With public health officials expressing concern about a considerable drop in Los Angeles County’s vaccination rate, all residents in the city of L.A. were expected to get a mobile alert Monday afternoon reminding them shots are available.
The message was sent shortly after 4 p.m. as a citywide emergency alert. It’s meant to spread information on how to get a coronavirus vaccine, which is always free, L.A. Mayor Eric Garcetti said in a tweet.
An email was also sent out, with information reminding people that the city is distributing the shots to all L.A. County residents age 16 and up, regardless of their immigration status, with no health insurance needed.
For the week ending April 30, 24% fewer vaccine doses were distributed in L.A. County than the week before, “and this is not because we didn’t have supply,” county public health Director Barbara Ferrer said in a news briefing Monday.
“Our efforts now need to remain focused on making it as easy as possible for everyone 16 and older to get their vaccine,” she said.
There are more than 700 sites distributing vaccines for free countywide, and many locations are offering shots without an appointment, including eight of the county-run sites. Visit vaccinatelacounty.com to find a location near you.
Currently about 37% of L.A. County residents are fully vaccinated, and 65% of those 65 and older are fully vaccinated.
Addressing those who remain hesitant to get a shot, Ferrer said the vaccines have provided powerful protection while the threat of more contagious variants remains.
“Our ability to maintain low numbers of cases and correspondingly low numbers of hospitalizations and deaths can be attributed in large part to the increased numbers of people vaccinated,” she said, adding that “almost no one” who is fully vaccinated has become infected or been hospitalized with coronavirus.
Higher vaccination rates have also helped prevent outbreaks at nursing homes and schools, officials say.
“We’re hopeful that as more teens playing sports are vaccinated, we’ll see fewer outbreaks in schools and youth sports, and that will translate to fewer cases within our school community and our families,” Ferrer said.
But in the meantime, while those under 16 are ineligible for any vaccine in the U.S., masking and social distancing must be maintained at schools to prevent virus spread.
“When children are indoors or near other people outdoors, children should still be wearing masks,” Ferrer said. “There will be a time in the not-distant future when many of our children will be eligible for the vaccine. And at that time they will be able to safely be unmasked in spaces outdoors and indoors.”
Ferrer also suggested fully vaccinated adults should still wear a mask around their kids, even if they don’t need to, to model good behavior.
“Protecting children from infection and complications, especially those not eligible for vaccinations yet, remains a high priority as we enter the months ahead,” she said.
Five children in L.A. County have died as a result of COVID-19 infection. One was younger than 5 years old, and four were between the ages of 12 and 17. Two of the children died from complications of MIS-C, a rare inflammatory syndrome that can appear after coronavirus infection.
The decreasing vaccination rate comes as L.A. County hopes to advance this week into the yellow tier of the state’s reopening plan, allowing bars without food to reopen indoors and higher capacity at other venues.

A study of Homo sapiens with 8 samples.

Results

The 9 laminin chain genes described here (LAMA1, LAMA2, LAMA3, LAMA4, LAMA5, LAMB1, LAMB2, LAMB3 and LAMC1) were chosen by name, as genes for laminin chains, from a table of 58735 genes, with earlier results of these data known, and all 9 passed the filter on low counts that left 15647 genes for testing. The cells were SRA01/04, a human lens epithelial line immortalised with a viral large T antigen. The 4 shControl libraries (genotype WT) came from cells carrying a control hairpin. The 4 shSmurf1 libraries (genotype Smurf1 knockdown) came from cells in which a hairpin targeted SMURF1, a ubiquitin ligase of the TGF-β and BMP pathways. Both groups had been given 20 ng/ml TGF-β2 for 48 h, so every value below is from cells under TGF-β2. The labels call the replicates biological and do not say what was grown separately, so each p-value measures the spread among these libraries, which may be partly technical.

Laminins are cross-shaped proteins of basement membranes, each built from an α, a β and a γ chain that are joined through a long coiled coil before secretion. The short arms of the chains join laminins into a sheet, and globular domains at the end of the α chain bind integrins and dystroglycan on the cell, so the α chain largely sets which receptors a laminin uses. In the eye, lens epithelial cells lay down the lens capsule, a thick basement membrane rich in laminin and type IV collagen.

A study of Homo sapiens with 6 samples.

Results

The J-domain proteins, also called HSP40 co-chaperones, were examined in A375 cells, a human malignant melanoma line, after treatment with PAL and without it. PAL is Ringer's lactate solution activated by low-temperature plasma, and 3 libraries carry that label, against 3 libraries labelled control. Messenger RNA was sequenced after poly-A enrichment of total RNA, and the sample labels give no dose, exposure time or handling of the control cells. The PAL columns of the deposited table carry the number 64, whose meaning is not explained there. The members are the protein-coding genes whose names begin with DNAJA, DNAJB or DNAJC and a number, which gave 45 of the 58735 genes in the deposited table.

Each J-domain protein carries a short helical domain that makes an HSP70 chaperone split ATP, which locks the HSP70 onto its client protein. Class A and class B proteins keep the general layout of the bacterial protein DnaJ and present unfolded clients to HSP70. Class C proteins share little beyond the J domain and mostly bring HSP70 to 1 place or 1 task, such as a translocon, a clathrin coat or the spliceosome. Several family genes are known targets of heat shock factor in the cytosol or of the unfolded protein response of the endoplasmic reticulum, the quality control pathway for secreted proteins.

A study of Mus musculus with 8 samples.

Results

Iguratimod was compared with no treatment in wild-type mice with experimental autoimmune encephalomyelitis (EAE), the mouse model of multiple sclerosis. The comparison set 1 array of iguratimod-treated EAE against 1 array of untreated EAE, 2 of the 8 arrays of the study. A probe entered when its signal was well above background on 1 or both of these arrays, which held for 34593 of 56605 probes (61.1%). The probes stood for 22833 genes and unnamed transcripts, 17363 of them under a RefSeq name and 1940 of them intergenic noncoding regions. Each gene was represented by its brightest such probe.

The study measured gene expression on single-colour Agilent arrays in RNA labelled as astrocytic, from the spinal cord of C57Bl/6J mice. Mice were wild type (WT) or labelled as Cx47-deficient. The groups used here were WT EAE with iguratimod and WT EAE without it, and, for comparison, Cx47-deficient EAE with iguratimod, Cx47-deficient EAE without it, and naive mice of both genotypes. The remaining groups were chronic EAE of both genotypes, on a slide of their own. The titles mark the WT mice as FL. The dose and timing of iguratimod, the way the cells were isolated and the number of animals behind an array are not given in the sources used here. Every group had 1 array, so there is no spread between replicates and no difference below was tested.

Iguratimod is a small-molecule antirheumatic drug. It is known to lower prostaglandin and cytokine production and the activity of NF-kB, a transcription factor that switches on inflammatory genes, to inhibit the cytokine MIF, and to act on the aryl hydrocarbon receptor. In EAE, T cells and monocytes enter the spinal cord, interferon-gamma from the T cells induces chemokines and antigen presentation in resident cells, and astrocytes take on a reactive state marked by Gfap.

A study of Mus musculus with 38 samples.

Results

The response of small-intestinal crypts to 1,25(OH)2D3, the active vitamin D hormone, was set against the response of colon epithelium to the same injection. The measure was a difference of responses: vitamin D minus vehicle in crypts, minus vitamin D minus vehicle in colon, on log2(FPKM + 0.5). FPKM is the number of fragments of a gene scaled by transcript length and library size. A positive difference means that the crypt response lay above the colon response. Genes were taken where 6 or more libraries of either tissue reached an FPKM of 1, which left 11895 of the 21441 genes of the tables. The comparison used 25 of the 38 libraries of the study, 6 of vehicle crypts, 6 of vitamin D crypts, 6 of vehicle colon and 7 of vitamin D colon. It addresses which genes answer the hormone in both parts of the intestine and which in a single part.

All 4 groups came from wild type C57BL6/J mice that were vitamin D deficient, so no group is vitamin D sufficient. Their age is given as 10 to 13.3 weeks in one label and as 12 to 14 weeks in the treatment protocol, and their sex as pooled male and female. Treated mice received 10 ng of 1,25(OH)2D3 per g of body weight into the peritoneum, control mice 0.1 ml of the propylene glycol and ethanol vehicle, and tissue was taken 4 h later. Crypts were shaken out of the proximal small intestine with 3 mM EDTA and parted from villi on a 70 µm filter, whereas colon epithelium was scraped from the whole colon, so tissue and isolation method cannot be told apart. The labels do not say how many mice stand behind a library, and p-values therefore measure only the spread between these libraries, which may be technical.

Last week, the public health department said L.A. County was on track to move into the yellow tier — the least restrictive under the state system — as early as Wednesday, provided the metrics hold.
On Monday, Ferrer said the county won’t receive an update from the state on its progress until around noon Tuesday — but she is hopeful the county remains on track to advance Wednesday.
If that happens, L.A. County will issue a new health officer order Wednesday with local rules for further reopening under the yellow tier rules, which will take effect Thursday.
On Monday the county reported zero additional deaths for the second day in a row, but those figures are a reflection of reporting delays over the weekend. Still, the average number of deaths reported each day is down 80% since last month, Ferrer said.
“We’re hopeful that deaths will continue to remain very low in the weeks ahead,” she said.
The average number of new cases reported each day is around 306, down 27% since last month. On Monday, 255 new virus cases were reported.
In addition to L.A. County, also on track to advance into the yellow tier next week are San Francisco, Marin and Trinity counties in Northern California. They’re set to join Alpine, Lassen, Mendocino and Sierra counties, which as of Monday were the only four in the least-restrictive tier.
Under the state plan, gyms, movie theaters, amusement parks, sports games and other live events, museums, zoos and aquariums can all increase their capacity.
Bars that don’t serve food can also reopen indoors, as can saunas and steam rooms, with capacity limits.
And while the state initially said theme parks and live venues could only allow in-state visitors, the guidance now says out-of-state visitors may attend if they’re fully vaccinated.
Some venues can also increase capacity further if all attendees are fully vaccinated or test negative for coronavirus. Venues are additionally allowed to create vaccinated-only sections, but face coverings will still be required.
But L.A. County health officials say people who are fully vaccinated no longer need to wear masks outside, unless they’re in a crowded setting, mirroring guidance from the U.S. Centers for Disease Control and Prevention.